Supply chain risks always lurk somewhere around, waiting to hit and disrupt businesses. The biggest threat is the unpredictability of the potential risks.
Not just the ongoing COVID-19 that has severely shattered the global supply chain, there have been many issues that have threatened supply chains for years.
For example, the next supply chain disruption may happen due to an earthquake, a heavy tornado, or a cyber-hacking. This is why organizations need to prepare for any unforeseen events.
For instance, The Global Risks Report 2020 by the World Economic Forum on cyber-related issues suggest that cyber invasions, data theft or frauds are some of the major risks to organizations. An increasing number of enterprises now operate in the digital ecosystem that exposes digital and technological vulnerabilities. At the same time, cyberattacks pose equal threat to suppliers, customers, and managed system providers.
If a disaster strikes at any stage of the supply chain, the major responsibility will be on logistics and procurement professionals.
These days, supply chain risks are so diverse that it is difficult to prioritize them. In this post, we have identified seven types of supply chain risks, supply chain risk management, and get answer to the question “What is enterprise risk management?”
Here are the six types of supply chain risk management based on Reeves, Levin and Ueda.
Is the risk that changes within or outside of the industry will render the business model obsolete. For example the advent of internet and e-commerce, or the success of Tesla and the gradual market shift towards electric vehicles.
is the risk that a shock in one part of the economy or business ecosystem spreads rapidly to other parts. This is particularly true because of the global and interconnected supply chains and financial markets. On a smaller scale the risk of a disruption in a supply chain node inside the company that spread through the entire supply chain, like the breakdown or failure of a critical piece of equipment or a strike. Human behavior is perhaps the most difficult to predict. Often supply chains face difficulties due to illness/injury or the exit of key personnel. Sometimes, it may happen due to poor judgment or bad decisions.
is the risk of large shocks such as natural disasters, terrorisms, political turmoil, or a sudden pandemic. These are black swan events. On a smaller scale this includes the risk of targeted cyber-attacks. A particular type of fat-tail risks are natural disasters such as hailstorms, hurricanes, fire, earthquake, or flood. During the sourcing process, it is critical for a business to assess the environmental risks, and how they will affect suppliers or contractors. Environmental risks are also about an organization’s business impact on air, water, and soil due to emissions, discharges, and other forms of waste, which may attract penalties from authorities.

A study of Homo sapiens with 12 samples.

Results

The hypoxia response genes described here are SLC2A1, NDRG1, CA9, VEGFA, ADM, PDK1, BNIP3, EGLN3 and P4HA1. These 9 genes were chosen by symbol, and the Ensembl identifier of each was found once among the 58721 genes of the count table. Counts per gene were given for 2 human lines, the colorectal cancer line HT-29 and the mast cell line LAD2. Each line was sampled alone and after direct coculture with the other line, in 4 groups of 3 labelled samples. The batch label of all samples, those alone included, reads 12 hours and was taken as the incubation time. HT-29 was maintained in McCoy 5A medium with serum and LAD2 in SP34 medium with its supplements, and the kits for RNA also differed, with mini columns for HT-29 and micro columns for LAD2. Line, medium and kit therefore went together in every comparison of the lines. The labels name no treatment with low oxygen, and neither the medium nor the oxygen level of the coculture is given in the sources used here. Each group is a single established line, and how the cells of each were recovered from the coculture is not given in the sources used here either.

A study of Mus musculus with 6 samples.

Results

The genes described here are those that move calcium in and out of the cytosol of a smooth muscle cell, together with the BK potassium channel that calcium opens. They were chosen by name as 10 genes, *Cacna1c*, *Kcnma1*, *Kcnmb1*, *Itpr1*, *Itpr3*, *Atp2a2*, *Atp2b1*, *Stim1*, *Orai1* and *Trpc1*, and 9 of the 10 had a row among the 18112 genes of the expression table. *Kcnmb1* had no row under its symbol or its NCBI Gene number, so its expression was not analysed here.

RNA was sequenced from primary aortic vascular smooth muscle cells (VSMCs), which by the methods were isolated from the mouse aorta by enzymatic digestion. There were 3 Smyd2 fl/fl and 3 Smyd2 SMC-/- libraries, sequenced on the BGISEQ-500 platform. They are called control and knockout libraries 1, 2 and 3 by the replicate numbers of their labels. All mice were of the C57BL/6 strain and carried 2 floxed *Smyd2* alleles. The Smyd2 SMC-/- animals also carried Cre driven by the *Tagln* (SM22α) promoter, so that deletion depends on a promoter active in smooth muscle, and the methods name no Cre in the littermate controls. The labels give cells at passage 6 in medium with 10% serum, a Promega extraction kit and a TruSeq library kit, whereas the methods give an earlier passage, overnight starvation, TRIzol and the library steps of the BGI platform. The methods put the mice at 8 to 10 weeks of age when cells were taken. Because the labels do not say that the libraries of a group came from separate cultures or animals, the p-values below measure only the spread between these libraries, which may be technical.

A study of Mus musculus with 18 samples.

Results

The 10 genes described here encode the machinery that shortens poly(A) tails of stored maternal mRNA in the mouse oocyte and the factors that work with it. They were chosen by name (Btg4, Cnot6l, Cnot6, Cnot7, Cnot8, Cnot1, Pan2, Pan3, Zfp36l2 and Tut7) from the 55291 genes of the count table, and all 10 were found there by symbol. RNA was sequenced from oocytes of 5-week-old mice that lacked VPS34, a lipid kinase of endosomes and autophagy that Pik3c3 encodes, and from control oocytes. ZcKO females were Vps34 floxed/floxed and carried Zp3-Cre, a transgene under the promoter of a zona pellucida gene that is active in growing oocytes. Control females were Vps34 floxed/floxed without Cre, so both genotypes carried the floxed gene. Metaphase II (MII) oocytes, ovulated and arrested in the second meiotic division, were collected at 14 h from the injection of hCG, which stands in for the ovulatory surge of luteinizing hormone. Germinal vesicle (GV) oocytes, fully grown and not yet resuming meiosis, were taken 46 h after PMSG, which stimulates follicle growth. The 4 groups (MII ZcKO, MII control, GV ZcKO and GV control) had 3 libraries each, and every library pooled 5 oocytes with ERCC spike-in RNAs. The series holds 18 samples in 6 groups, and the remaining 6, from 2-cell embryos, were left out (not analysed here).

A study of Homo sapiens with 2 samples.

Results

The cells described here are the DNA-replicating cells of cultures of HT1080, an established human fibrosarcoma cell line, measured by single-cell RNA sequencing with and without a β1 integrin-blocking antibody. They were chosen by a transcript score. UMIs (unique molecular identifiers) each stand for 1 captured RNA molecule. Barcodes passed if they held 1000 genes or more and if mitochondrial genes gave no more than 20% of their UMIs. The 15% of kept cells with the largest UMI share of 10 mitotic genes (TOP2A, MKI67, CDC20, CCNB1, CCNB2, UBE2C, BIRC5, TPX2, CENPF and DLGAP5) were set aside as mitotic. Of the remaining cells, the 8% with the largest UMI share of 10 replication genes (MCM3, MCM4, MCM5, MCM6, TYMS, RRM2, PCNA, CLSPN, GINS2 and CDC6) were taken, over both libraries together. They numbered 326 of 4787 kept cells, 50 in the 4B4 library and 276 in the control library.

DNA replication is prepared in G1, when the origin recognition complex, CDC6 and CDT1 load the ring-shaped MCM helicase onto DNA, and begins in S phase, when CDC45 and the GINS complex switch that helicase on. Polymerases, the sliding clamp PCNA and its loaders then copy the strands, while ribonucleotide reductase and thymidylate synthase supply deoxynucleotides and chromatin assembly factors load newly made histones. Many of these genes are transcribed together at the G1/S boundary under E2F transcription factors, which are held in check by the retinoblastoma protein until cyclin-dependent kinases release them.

is the risk that the business environment evolves abruptly in an unpredictable way. For example the sudden increase of home-office working. A product or service that was in high demand all of a sudden isn’t required anymore. The opposite can also be true, in which case there is a missed opportunity risk of not being the first to have identified the new business opportunity.
is the risk that the business incurs when failing to adapt to changing consumer needs, competitive innovations, or altered circumstances. It’s the risk of complacency and missing to notice the evolution of the markets in a certain direction like the frog in the boiling water. The difference between this risk and the previous ones is that this is driven purely by internal failure.
is the risk that business partners, consumers, or regulatory agencies reject the business as a partner. During the changes in the regulatory environment to keep up with a new government or due to increasing socio political awareness, many organizations face difficulty in adapting. An organization needs to consider its sourcing efforts, particularly the ones in low-cost countries, to gauge the impact of cultural changes on business operations in a specific environment. Rejection risks also involve social media campaigns triggered due to mistreatment of customers, as these instances can malign the brand image of an organization.
Understanding, assessing, and forecasting risks related to the supply chain can enable an organization to design a strong strategy to keep those risks at bay. All the mentioned risks and their corresponding action plan are part of the enterprise risk management. When it comes to specific issues regarding the supply chain, it is crucial to mitigate the risks using the right strategies.
Supply chain risk management involves activities including better procurement, process improvement, backup strategies, developing strategic alliances and creating alternative supply sources. These measures will secure supply and protect the reputation of a brand.
Do you wish to learn and detect the underlying risk in your supply chain? Be it financial risk, scheduling risk or human behavioral risk, early detection of these risks and designing an action plan can mitigate them. Learn more by joining our upcoming webinar.